Not just a fisherman's wife : women's contribution to health and wellbeing in commercial fishing

Kilpatrick, Sue, King, Tanya J. and Willis, Karen 2015, Not just a fisherman's wife : women's contribution to health and wellbeing in commercial fishing, Australian journal of rural health, vol. 23, no. 2, pp. 62-66, doi: 10.1111/ajr.12129.

Attached Files
Name Description MIMEType Size Downloads

Title Not just a fisherman's wife : women's contribution to health and wellbeing in commercial fishing
Author(s) Kilpatrick, Sue
King, Tanya J.ORCID iD for King, Tanya J. orcid.org/0000-0001-7418-2343
Willis, Karen
Journal name Australian journal of rural health
Volume number 23
Issue number 2
Start page 62
End page 66
Total pages 5
Publisher Wiley
Place of publication London, Eng.
Publication date 2015-04
ISSN 1440-1584
Keyword(s) fisher
fishing industry
industry associations
mental health
women
Summary OBJECTIVE: To explore the role of women in fishing industry organisations and communities in promoting best-practice health behaviours among fishers in Australia. DESIGN: This paper reports aspects of research that examined how the fishing industry can best support physical health and mental well-being of fishers. The study employed a mixed-methods, multisite case study approach. Data were gathered from face-to-face and phone interactions. SETTING: Two sites in Victoria and one in Western Australia. PARTICIPANTS: Thirty-one male fishers, including commercial licence owners, skippers, deckhands, three female family members, three fishing association representatives, one local government representative, two health care providers, and three regional health planning and funding bodies. INTERVENTIONS: Not applicable. MAIN OUTCOME MEASURES: Not applicable. RESULTS: Often unrecognised, women associated with the fishing industry are integral to the promotion of good health for fishers. They are key to identifying health issues (particularly mental health issues) and proposing community-based health and well-being strategies. They often do so by incorporating health information and activities into 'soft entry points' - informal, non-health service mechanisms by which fishers can access health information and health services. CONCLUSIONS: While not working at the industry coalface, women have a stake, and are key players, in the commercial fishing industry. Their knowledge of, and credibility within, fishing enterprises makes them valuable sources of information about health issues facing the industry and effective strategies to address them. This expertise should be applied in conjunction with industry associations and health providers to achieve better health outcomes for fishers and their families.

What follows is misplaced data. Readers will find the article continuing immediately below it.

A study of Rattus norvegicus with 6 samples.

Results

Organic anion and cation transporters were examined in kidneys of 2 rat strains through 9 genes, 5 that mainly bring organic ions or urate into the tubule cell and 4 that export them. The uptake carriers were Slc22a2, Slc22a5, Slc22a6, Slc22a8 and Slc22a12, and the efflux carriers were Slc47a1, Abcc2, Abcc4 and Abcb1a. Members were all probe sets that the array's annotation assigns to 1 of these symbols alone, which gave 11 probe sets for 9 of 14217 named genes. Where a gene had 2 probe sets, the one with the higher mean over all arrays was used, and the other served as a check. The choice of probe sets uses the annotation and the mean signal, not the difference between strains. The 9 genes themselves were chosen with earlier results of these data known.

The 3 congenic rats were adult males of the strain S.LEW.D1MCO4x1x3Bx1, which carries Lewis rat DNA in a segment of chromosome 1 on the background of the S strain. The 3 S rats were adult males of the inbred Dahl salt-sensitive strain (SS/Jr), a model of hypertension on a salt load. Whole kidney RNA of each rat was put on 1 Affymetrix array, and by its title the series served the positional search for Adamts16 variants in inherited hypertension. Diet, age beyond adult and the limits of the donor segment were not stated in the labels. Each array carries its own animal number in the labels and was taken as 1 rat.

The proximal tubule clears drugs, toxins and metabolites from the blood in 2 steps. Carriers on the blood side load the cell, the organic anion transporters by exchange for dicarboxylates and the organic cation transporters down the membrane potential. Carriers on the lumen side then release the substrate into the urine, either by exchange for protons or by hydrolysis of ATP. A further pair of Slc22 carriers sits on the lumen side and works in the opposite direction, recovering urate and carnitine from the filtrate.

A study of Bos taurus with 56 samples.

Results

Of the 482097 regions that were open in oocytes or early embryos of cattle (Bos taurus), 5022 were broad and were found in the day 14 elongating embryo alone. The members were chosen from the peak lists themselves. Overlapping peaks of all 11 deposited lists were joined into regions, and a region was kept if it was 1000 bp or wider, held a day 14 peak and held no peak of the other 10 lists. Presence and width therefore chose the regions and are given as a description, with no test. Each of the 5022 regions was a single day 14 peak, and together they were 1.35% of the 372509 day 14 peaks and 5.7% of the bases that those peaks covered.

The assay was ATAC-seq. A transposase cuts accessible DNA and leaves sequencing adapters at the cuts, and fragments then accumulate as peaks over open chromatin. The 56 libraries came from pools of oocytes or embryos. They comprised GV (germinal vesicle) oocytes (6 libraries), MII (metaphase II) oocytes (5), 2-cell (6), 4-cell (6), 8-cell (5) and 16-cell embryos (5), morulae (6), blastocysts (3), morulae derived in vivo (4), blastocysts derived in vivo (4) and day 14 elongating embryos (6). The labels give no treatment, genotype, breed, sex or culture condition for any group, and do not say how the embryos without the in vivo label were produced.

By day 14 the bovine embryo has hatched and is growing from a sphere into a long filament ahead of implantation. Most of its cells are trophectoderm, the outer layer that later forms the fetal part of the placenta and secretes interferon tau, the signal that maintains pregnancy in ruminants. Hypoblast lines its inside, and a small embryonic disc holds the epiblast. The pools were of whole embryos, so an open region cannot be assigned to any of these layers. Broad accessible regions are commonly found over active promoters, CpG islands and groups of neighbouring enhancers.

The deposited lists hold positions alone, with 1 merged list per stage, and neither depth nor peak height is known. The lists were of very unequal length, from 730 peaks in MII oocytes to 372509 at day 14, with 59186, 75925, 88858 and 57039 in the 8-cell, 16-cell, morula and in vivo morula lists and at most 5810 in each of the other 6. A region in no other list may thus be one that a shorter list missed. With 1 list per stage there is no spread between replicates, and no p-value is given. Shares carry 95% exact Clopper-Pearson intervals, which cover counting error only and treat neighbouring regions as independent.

Language eng
DOI 10.1111/ajr.12129
Field of Research 160104 Social and Cultural Anthropology
Socio Economic Objective 970120 Expanding Knowledge in Language
HERDC Research category C1 Refereed article in a scholarly journal
Copyright notice ©2015, Wiley
Persistent URL http://hdl.handle.net/10536/DRO/DU:30081420

Document type: Journal Article
Collections: Faculty of Arts and Education
School of Humanities and Social Sciences
Connect to link resolver
 
Unless expressly stated otherwise, the copyright for items in DRO is owned by the author, with all rights reserved.

Versions
Version Filter Type
Citation counts: TR Web of Science Citation Count  Cited 8 times in TR Web of Science
Scopus Citation Count Cited 10 times in Scopus
Google Scholar Search Google Scholar
Access Statistics: 266 Abstract Views, 2 File Downloads  -  Detailed Statistics
Created: Tue, 07 Jun 2016, 13:04:58 EST

Every reasonable effort has been made to ensure that permission has been obtained for items included in DRO. If you believe that your rights have been infringed by this repository, please contact drosupport@deakin.edu.au.